A popular virility drug, Sildenafil, which is used to treat erectile dysfunction (ED) in men, can lead to growth of cancer of the skin, new research indicates.
A report released by scientists from the University of Tubingen indicates that Sildenafil which is used to treat ED boosts the growth of skin cancer. The drug has been around for many years and contains an active ingredient that helps men achieve better erection, boost libido, and also improve bedroom performance.
The active ingredient in the ED drug is also found in many other generic drugs and has been in the market for more than two decades. It works by inhibiting an enzyme known as phosphodiesterase type 5 (PDE5) and boosts the production and absorption of a messenger molecule referred to as cyclic guanosine monophosphate (cGMP).
In a report that was recently released by the Interfaculty Institute of Biochemistry at the University of Tubingen, researchers have discovered that though Sildenafil is an effective cure for erectile and sexual dysfunction in men, it also puts them at a higher risk of getting skin cancer.
By inhibiting the production of PDE5 and boosting the breakdown of cGMP, the vessels and tissues in the penile region enlarge/vasodilate due to higher production of Nitric Oxide (NO).This allows more blood to flow through the veins allowing the user achieve a stronger and longer lasting erection.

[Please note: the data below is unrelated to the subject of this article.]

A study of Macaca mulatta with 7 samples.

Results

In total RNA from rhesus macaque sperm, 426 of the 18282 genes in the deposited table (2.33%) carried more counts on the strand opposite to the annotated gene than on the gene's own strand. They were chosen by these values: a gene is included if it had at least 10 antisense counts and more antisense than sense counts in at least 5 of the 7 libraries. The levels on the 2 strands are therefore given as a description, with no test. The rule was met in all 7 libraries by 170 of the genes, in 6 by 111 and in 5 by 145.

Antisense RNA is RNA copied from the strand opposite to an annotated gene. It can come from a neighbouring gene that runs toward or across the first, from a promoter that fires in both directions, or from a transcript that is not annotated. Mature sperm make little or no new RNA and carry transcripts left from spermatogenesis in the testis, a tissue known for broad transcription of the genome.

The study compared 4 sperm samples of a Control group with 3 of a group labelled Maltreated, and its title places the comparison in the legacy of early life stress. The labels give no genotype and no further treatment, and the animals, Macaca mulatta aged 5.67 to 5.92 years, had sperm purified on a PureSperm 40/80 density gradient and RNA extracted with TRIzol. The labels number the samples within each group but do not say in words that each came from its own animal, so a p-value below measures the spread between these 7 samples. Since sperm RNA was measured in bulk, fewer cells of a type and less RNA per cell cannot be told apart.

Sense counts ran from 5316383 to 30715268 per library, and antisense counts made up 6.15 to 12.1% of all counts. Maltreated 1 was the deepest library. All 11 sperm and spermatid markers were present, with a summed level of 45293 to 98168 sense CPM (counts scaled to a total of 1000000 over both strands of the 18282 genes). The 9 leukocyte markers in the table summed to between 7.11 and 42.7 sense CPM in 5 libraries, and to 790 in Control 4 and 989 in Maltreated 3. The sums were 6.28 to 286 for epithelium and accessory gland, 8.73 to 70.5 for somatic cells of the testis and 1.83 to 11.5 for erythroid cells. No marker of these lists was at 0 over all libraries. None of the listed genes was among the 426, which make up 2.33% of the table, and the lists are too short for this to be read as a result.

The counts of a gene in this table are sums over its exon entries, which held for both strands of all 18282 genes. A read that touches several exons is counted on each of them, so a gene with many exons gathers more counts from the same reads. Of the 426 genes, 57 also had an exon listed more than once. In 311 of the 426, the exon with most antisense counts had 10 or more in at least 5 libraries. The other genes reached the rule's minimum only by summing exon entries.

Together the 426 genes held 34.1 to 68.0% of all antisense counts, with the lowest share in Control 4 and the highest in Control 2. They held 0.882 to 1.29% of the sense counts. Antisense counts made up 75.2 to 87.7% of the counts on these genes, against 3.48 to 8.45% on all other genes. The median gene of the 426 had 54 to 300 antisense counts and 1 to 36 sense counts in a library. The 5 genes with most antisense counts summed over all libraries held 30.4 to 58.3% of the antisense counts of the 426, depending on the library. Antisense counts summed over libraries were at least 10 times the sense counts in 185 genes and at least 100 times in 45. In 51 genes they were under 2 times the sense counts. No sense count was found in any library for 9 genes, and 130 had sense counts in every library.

Unfortunately, studies indicate that the active ingredients can contribute to the growth of excess skin cells leading to a tumor. Led by Professor Robert Feil, the researchers have demonstrated that active compound in Sildenafil stimulates the production of cGMP which in turn stimulates the growth of malignant melanomas.
CGMP is a signaling molecule that plays a vital role in several complex metabolic pathways such as the heart, blood vessel cells, sensory cells, as well as neurons. However, its exact role in producing desirable and also undesirable results is not well known, and it’s believed that interfering with the pathway taken by cGMP in melanoma cells can help deal with skin cancer.
In a study contained in the most recent edition of the Cell Reports, Professor Feil and his team performed tests on human cell cultures as well as animals and concluded that boosting the production of cGMP can lead to growth of melanoma cells which is associated with the cancer of the skin.
Feil says that consuming Sildenafil means there is a break or interference of how cGMP is produced and the melanoma cells begin to grow much faster due to this. He further states that statistics show a connection between consumption of Sildenafil and risk of melanoma.
An earlier study undertaken by the German Research Foundation (DFG) in 2013 also showed this relationship.
The debate on correlation between cancer and Sildenafil has been going on for several years. A report was published in 2014 following a long-term study done on 15,000 men in the US. Going by the findings, men using Sildenafil were at a higher risk of getting cancer. This observation was confirmed by yet another study on 24,000 men done in Sweden.